Specific Protein Promotes Cell Interaction that Fuels Profibrotic Environment, Study Finds

Specific Protein Promotes Cell Interaction that Fuels Profibrotic Environment, Study Finds

A protein called cadherin-11 (CDH11) ties together macrophages and myofibroblasts in an “eternal hug” in the lungs of idiopathic pulmonary fibrosis (IPF) patients, promoting a profibrotic environment, a study shows.

Therapies that target CDH11 and break the “hug” between the two cell types may help stop this profibrotic process.

The study, “Cadherin-11–mediated adhesion of macrophages to myofibroblasts establishes a profibrotic niche of active TGF-beta,” was published in the journal Science Signaling.

Myofibroblasts are the cells responsible for repairing tissue after injury. These cells are called to sites by the body’s “first responders,” or macrophages, which are innate immune cells that patrol the tissues in the organism looking for any signs of trouble.

Once macrophages call them into action, myofibroblasts start repairing the tissue by producing a glue (extracellular matrix) made of collagen. Once the tissue is repaired, both myofibroblasts and macrophages are cleared from the injury site.

However, in pulmonary fibrosis, neither macrophages or myofibroblasts dissipate, leading to fibrosis (scar tissue) that persists, ultimately destroying healthy lung tissue.

An extended macrophage recruitment is known to contribute to excessive tissue repair and fibrosis. Based on this, researchers at the University of Toronto’s Faculty of Dentistry in Canada decided to further explore the link between macrophages and myofibroblasts in lung fibrosis.

In previous studies, this research team showed that CDH11 levels rise during the transition of fibroblasts into myofibroblasts after treatment with transforming growth factor (TGF) beta-1, a factor produced during repair and a major driver of fibrosis.

Since CDH11 levels increase in myofibroblasts and macrophages during fibrosis and the protein is located at the cell’s surface, researchers hypothesized that CDH11 could actually promote the adhesion, similar to a hug, between macrophages and myofibroblasts.

They first showed that, in tissue from patients diagnosed with IPF, CDH11 levels were higher in fibrotic regions than in normal lung tissue or even tissue from patients with other lung diseases.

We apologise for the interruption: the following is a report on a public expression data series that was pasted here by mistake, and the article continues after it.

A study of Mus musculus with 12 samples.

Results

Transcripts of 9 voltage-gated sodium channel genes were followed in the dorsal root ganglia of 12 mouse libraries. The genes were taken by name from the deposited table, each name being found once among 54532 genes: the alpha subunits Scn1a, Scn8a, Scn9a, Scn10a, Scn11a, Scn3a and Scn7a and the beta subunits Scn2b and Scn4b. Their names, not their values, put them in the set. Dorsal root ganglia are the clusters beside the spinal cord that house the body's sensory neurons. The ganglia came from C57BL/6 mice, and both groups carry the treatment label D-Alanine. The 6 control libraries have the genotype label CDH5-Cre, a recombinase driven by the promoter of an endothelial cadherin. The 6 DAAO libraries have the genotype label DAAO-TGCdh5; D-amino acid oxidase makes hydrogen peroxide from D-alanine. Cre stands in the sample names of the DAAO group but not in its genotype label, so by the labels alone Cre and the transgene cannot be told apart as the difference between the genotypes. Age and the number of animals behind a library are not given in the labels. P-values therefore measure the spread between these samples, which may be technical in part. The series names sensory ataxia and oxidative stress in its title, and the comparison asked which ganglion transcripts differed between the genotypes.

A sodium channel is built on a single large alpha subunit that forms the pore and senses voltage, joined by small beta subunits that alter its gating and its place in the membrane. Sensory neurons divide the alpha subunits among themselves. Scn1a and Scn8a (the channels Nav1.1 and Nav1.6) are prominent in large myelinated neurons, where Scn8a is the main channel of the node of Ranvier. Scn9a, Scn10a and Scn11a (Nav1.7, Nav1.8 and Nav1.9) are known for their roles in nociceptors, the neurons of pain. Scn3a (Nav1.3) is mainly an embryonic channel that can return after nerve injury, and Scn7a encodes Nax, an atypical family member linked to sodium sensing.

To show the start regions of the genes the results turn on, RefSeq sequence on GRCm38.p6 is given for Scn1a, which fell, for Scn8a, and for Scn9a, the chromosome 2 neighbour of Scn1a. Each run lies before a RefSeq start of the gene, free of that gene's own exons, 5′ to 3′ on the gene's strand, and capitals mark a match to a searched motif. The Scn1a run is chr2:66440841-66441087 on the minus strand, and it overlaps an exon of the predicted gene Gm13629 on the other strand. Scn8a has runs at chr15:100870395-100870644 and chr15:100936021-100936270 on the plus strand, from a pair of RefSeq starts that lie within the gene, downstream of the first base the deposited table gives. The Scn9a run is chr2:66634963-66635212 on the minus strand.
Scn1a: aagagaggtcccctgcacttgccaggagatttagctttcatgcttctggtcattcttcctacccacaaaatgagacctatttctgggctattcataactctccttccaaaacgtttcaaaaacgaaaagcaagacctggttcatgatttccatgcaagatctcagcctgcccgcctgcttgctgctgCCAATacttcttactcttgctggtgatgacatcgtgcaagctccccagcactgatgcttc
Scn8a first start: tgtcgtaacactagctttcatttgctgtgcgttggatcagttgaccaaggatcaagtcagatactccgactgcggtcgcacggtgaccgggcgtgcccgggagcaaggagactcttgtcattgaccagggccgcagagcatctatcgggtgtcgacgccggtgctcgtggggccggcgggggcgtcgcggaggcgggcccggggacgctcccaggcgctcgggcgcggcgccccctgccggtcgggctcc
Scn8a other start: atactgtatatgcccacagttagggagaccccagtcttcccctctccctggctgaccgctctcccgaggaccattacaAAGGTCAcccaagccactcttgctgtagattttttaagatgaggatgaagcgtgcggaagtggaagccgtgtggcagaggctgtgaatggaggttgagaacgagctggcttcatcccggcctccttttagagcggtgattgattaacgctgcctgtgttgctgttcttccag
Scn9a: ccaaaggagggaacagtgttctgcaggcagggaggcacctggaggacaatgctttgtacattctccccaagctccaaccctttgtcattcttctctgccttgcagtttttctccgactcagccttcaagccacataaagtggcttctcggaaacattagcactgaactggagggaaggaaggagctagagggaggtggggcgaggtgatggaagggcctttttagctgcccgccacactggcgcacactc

Moreover, CDH11 was present on both macrophages (detected by a protein called CD68) and myofibroblasts (detected by another marker, called alpha-SMA). In normal non-fibrotic lung tissue, CDH11 was absent.

The team then used the bleomycin mouse model, an established model to study pulmonary fibrosis, to understand how CD68-positive macrophages were associated with the abundance of alpha-SMA-positive myofibroblasts.

They found that, seven days after the induction of fibrosis by bleomycin, macrophages accumulated in the lungs, which correlated with a higher level of CDH11 production as well as alpha-SMA abundance.

Researchers then took cells from these mice, cultured them in the lab, and saw that the space between macrophages and lung fibroblasts was enriched with CDH11, forming junctions or “molecular hugs” between the two cell types.

“We liken it to a handshake,” Boris Hinz, PhD, the study’s lead author and a distinguished professor in the Faculty of Dentistry, said in a press release.

A special type of “profibrotic” macrophages, called M2 macrophages, were found to be the ones actually promoting the transition from fibroblasts into myofibroblasts,  a process that was dependent on TGF-beta 1.

Further experiments confirmed that TGF-beta signaling in myofibroblasts occurred only when the cells were at a proximity of 100 micrometers (o.1 millimeters) or less from M2 macrophages, showing why the CDH11-mediated “hug” is the underlying mechanism promoting the cell’s profibrotic profile.

When discussing the link between uncontrolled fibrosis and the CDH11-mediated hug, Hinz noted that “the big question is: Why does it get out of control? We can’t really say why it doesn’t turn off, but this might be a reason.”

These findings suggest that “interfering with CDH11 accumulation or function, or both, in inflamed and fibrotic tissues would target inflammatory signaling and enable separation of both cell types to eventually terminate profibrotic communication,” the researchers wrote.